SAN DIEGO — In the restroom of a busy downtown restaurant near the historic Santa Fe Depot, an unusual handle is attached to the door: a “sanitary” opener where you can maneuver the door with your wrist instead of your hand.
While such an opener, affixed to the door above additional advisories encouraging proper hand washing, may seem like an overly cautious design feature, San Diego County has been in the middle of a serious public health emergency in recent months.
Twenty deaths in the county have been connected to a local hepatitis A outbreak, which has, as of Monday, infected at least 544 people in and around California’s second-largest city.
On Sept. 1, the San Diego County Board of Supervisors declared an emergency to address the situation and mobilized an aggressive public health response to curb the outbreak, which included city crews washing some streets and sidewalks with bleach, the deployment of handwashing stations, the opening of additional bathrooms and a vaccination effort.
Hepatitis A is spread primarily when a non-infected person ingests food or water contaminated with the feces of an infected person. The “the highly contagious virus can spread explosively” in homeless camps, which are common in San Diego, according to the PBS News Hour. The lack of adequate bathroom facilities for the homeless, experts have said, made it “only a matter of time” that a major outbreak would hit the city and county.
With the number of hepatitis A cases continuing to tick upward—albeit more slowly—county supervisors voted on Monday to extend the emergency another two weeks.
San Diego County’s public health services and community partners have given 90,735 vaccinations, including 76,982 to at-risk populations, according to the county's most-recent update.
The focus of concern has been with the area’s homeless population, especially in the ZIP code that covers the downtown area and adjacent central city neighborhoods.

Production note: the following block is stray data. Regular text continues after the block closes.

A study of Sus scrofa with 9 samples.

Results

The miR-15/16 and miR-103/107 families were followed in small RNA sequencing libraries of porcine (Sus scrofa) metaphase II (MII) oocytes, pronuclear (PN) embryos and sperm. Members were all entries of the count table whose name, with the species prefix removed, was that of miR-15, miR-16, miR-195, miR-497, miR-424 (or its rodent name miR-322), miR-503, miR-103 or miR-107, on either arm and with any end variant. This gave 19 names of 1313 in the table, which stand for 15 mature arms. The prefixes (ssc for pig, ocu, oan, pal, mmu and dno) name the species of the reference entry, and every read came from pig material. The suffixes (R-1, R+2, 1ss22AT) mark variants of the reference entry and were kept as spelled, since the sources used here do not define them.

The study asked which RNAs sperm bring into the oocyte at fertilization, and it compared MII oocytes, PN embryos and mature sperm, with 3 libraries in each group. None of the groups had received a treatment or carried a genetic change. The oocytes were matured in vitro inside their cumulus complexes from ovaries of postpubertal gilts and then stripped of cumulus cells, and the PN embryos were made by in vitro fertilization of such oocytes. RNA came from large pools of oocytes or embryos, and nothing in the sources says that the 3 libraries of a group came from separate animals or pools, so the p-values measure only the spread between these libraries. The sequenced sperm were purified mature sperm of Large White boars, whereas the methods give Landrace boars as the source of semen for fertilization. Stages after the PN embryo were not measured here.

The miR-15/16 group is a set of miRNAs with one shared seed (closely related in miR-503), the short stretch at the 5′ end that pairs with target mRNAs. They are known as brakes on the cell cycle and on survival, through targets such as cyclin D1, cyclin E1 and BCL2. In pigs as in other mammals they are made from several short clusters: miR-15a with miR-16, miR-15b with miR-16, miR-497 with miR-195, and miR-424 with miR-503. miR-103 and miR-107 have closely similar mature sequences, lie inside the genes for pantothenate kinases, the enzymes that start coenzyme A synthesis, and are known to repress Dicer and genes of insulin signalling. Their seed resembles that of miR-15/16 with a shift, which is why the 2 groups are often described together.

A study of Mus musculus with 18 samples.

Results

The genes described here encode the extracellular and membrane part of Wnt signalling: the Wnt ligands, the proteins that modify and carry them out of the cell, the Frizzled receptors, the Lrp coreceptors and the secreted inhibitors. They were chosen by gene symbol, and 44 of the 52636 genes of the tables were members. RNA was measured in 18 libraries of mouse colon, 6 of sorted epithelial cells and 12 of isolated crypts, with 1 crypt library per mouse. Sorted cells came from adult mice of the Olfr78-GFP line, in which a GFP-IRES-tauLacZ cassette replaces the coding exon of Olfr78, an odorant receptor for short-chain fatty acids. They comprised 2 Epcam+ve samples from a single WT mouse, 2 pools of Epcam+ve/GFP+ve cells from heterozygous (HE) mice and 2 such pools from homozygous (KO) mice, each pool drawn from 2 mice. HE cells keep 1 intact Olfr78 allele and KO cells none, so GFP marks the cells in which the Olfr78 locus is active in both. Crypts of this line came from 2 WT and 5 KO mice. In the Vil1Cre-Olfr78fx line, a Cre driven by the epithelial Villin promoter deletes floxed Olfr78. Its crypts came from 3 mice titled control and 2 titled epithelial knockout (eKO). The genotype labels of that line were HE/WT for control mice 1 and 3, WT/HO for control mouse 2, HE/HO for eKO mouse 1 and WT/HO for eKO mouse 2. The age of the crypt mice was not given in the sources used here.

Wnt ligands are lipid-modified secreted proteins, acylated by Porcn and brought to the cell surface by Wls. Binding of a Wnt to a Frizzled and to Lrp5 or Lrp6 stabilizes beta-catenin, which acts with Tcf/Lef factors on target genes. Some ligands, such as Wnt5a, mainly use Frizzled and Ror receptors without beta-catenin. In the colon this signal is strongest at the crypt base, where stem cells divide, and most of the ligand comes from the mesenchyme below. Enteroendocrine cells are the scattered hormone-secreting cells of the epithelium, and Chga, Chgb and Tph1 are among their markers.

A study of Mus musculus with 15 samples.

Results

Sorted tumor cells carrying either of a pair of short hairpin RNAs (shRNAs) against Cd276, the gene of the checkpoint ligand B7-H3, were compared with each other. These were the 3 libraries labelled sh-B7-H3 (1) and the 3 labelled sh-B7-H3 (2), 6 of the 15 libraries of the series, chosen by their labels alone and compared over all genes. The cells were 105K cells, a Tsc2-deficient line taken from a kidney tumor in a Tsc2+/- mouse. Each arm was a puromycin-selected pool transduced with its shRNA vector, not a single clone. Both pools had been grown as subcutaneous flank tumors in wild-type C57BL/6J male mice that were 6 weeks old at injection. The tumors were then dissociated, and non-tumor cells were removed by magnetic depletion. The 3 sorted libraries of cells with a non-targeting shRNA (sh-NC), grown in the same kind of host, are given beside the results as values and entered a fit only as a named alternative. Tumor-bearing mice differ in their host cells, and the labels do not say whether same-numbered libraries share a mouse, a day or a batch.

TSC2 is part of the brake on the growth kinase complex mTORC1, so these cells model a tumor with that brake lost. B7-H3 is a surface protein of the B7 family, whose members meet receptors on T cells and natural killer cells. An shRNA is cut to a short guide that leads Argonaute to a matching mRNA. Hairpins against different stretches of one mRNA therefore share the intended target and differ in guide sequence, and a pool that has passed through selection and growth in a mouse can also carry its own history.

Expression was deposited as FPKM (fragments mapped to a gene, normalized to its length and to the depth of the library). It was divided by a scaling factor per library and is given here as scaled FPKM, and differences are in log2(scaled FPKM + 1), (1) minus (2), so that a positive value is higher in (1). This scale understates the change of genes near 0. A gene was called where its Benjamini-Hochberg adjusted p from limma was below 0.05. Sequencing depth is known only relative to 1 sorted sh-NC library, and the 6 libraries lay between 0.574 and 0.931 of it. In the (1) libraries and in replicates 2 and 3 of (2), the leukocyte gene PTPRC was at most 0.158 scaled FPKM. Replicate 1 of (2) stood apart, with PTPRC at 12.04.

Communicating the health risk has been challenging for local officials.
When San Diego County released maps a few weeks ago that plotted confirmed hepatitis A cases, officials were criticized for not being more specific about locations. But a more detailed level of geographic specificity raises privacy concerns, plus it’s not always helpful information due to the nature of how hepatitis A spreads.
As Eric McDonald, who leads San Diego County’s epidemiology and immunization efforts, told Voice of San Diego in early October.
”The problem is this disease, because it has a two- to seven-week incubation period, what you’d have to do is put a big blob on the map of where somebody’s been for the last seven weeks and it’s not helpful,” McDonald said. “If somebody really and truly was in one spot for seven weeks, then maybe you can say that’s where they got infected.”
The San Diego Union-Tribune pointed out the public communications quandary on Monday:
Supervisor Ron Roberts noted that the weekly escalation in cases in deaths gives the public the feeling that, every time a tally grows, that means the outbreak has grown.
But that’s not the case. Because new numbers are not added to outbreak totals until they’ve been confirmed by genetic testing that can take weeks to perform, the weekly numbers are not a perfect barometer of the outbreak’s current severity.
Roberts directed officials with the county Health and Human Services Agency to find a way to give the public a better sense of how many cases have occurred since the last update.
Beyond the local homeless population, health officials have advised that men who have sex with men ensure they're vaccinated, especially after hepatitis A outbreaks in the MSM population in Michigan, New York City and Colorado.
“We’re broadening our ongoing efforts to reach the MSM community because this is an area where the outbreak could potentially spread,” Wilma Wooten, the county’s public health officer, said in a statement. “We are encouraging people to get vaccinated to protect both themselves and their close contacts.”